The Minister of Defence and Military Veterans, Lindiwe Sisulu, has escalated her political war on parliament by defying a ruling by the Speaker of the National Assembly, Max Sisulu, to respond to a parliamentary question on “shadow planes” used by President Jacob Zuma.
On 21 February 2012 the minister refused to reply to a parliamentary question on shadow planes used to back up the presidential jet during a recent visit by President Jacob Zuma to the United States.
The minister replied as follows:
“I wish to draw the Honourable Member’s attention to our statement made in the media briefing I convened on 20 January 2012 on this matter. The statement referred to is attached”.
The minster failed to reply to the question.
The Speaker of the National Assembly, Max Sisulu, then ruled, following a complaint from Watty Watson, Chief Whip of the Democratic Alliance (DA) that the question would remain on the Internal Question Paper until a response was provided.
On 28 May 2012 the minister provided an amended response to the same question as follows:
“I wish to draw the Honourable Member’s attention to our statement made in the media briefing I convened on 20 January 2012 on this matter. The statement referred to is attached. Detailed information will be provided to the Joint Standing Committee on Defence (JSCD) in accordance with the requirements of Section 199 (8) of the Constitution of the Republic of South Africa, 1996.”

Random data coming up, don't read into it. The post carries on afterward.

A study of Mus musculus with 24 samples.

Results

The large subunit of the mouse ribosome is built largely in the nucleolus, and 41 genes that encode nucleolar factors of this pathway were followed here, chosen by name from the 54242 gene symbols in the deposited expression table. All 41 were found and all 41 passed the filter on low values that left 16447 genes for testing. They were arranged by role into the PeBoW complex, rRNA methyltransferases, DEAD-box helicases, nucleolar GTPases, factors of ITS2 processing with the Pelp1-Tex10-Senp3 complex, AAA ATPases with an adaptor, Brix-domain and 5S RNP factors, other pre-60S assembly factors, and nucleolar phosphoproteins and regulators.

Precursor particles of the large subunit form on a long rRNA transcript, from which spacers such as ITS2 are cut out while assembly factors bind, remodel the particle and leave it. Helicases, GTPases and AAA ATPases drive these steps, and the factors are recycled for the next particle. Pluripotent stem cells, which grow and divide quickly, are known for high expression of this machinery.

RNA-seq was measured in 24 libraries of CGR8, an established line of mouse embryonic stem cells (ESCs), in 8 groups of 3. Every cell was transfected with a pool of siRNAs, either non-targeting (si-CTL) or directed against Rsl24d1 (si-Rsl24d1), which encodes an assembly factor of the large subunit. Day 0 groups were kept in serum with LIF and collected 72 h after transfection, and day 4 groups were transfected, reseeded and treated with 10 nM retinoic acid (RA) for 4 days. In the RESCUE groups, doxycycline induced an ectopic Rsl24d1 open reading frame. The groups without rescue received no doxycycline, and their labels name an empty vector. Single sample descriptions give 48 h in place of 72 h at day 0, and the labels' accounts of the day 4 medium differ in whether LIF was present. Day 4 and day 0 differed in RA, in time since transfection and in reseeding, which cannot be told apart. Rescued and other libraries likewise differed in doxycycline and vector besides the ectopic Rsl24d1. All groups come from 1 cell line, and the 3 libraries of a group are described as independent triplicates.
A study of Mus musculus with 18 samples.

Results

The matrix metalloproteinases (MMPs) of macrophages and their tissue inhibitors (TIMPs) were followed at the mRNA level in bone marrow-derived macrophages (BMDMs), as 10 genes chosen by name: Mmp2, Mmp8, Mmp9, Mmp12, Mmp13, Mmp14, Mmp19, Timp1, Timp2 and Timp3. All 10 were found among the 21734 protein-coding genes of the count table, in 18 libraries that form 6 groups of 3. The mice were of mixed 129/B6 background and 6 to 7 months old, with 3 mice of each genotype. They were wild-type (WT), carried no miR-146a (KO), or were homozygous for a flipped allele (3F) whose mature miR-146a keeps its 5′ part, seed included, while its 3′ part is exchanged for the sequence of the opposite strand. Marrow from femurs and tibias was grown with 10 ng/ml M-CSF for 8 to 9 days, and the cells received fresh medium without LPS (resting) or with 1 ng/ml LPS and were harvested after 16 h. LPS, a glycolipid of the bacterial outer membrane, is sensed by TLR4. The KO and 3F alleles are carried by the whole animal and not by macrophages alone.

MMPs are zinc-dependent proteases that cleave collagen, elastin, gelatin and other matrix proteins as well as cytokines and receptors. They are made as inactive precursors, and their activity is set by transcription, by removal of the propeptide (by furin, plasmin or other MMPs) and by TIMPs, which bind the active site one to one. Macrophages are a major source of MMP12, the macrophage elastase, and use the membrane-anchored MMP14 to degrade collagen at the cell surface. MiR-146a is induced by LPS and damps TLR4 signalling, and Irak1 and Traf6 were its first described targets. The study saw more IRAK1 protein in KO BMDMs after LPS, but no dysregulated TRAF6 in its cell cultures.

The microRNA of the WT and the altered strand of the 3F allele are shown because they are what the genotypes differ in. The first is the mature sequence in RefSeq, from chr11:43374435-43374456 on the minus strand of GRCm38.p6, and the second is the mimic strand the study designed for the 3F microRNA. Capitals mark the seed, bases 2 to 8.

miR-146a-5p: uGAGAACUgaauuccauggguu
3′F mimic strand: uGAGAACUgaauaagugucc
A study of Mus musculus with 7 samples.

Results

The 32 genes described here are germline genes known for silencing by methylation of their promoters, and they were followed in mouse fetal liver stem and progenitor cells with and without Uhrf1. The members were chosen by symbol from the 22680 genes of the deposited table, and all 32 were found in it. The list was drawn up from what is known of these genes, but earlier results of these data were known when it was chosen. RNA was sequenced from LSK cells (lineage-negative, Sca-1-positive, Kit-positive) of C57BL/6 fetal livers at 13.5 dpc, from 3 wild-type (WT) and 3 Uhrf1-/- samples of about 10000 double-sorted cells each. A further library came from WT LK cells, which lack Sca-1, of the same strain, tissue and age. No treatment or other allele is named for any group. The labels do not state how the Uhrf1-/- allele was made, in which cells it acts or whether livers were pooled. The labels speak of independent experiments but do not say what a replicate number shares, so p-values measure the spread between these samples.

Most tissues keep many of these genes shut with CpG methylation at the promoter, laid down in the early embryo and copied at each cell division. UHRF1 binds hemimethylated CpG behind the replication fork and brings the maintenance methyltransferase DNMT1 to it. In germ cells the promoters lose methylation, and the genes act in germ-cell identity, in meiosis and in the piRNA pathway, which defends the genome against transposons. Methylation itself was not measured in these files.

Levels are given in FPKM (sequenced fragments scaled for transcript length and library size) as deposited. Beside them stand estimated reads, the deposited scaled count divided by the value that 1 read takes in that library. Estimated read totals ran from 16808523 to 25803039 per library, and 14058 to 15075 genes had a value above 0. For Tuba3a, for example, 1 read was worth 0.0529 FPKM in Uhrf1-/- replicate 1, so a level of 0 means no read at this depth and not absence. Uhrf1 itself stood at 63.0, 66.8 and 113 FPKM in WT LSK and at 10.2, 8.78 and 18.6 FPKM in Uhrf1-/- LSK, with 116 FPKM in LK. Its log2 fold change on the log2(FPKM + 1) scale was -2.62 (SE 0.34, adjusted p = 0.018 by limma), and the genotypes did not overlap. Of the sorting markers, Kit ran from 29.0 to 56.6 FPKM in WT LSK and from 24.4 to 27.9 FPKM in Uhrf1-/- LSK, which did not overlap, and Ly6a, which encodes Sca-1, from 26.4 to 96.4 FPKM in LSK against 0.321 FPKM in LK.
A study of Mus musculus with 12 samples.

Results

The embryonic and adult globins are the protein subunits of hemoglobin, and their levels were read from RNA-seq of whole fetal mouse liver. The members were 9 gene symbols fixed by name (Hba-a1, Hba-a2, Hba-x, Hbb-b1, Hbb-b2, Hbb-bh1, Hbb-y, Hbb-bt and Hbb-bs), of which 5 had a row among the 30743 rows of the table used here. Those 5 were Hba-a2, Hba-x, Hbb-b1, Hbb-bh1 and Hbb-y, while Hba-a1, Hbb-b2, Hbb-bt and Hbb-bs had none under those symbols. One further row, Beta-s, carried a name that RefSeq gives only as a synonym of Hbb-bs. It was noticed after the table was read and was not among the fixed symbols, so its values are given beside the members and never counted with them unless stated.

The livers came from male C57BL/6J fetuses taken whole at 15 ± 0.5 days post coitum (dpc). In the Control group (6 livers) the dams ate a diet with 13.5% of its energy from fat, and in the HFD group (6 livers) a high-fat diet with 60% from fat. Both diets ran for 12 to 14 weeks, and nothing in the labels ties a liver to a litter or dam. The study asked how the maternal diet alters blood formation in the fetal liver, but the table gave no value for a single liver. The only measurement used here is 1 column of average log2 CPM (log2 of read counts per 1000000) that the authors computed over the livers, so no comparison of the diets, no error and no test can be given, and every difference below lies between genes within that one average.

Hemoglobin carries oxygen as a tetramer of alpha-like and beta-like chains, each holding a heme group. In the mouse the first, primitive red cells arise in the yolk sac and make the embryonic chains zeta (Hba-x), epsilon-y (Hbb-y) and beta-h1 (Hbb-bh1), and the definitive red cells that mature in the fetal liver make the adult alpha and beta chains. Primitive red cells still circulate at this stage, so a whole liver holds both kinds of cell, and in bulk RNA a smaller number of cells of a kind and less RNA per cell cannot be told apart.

The minister, once again, failed to reply to the question.
The minister’s response is, at best, cynical because in the past General Carlo Gagiano, Chief of the South African Air Force, has been prevented from appearing before the Joint Standing Committee on Defence.
In the end, the minister has no intention of providing replies to parliamentary questions on the use of “shadow planes”.
This is not an isolated case.
The DA’s records show that of the 55 written questions submitted this year, 39 written questions did not receive a comprehensive reply from the defence department.
The minister has refused, for example, to provide replies to parliamentary questions focusing on:
the cost of transporting President Jacob Zuma on the presidential Boeing Business Jet;
the cost of transporting the minister on military aircraft, aircraft operated by the military and chartered aircraft;
any information relating to acquisition projects for light/medium transport aircraft and offshore/inshore vessels;
any information relating to dodgy tenders, identified by the Auditor-General, being administered by the defence force; and
the de-unionization of the defence force.
Last week the minister reached a new parliamentary low when she refused to provide a breakdown of expenditure by the defence department on advertising and entertainment.
The minister’s response to parliamentary questions literally oozes contempt for Parliament.
The truth is that the minister is playing a very dangerous political cat-and-mouse game with Parliament.
The minister has got to be stopped.
The DA Chief Whip, Watty Watson, will therefore be submitting each problem question to the Speaker of the National Assembly, Max Sisulu, requesting him to take steps to compel the minister to provide comprehensive replies to Parliament.
We are not going to sit back and allow the minister to undermine and ride roughshod over Parliament.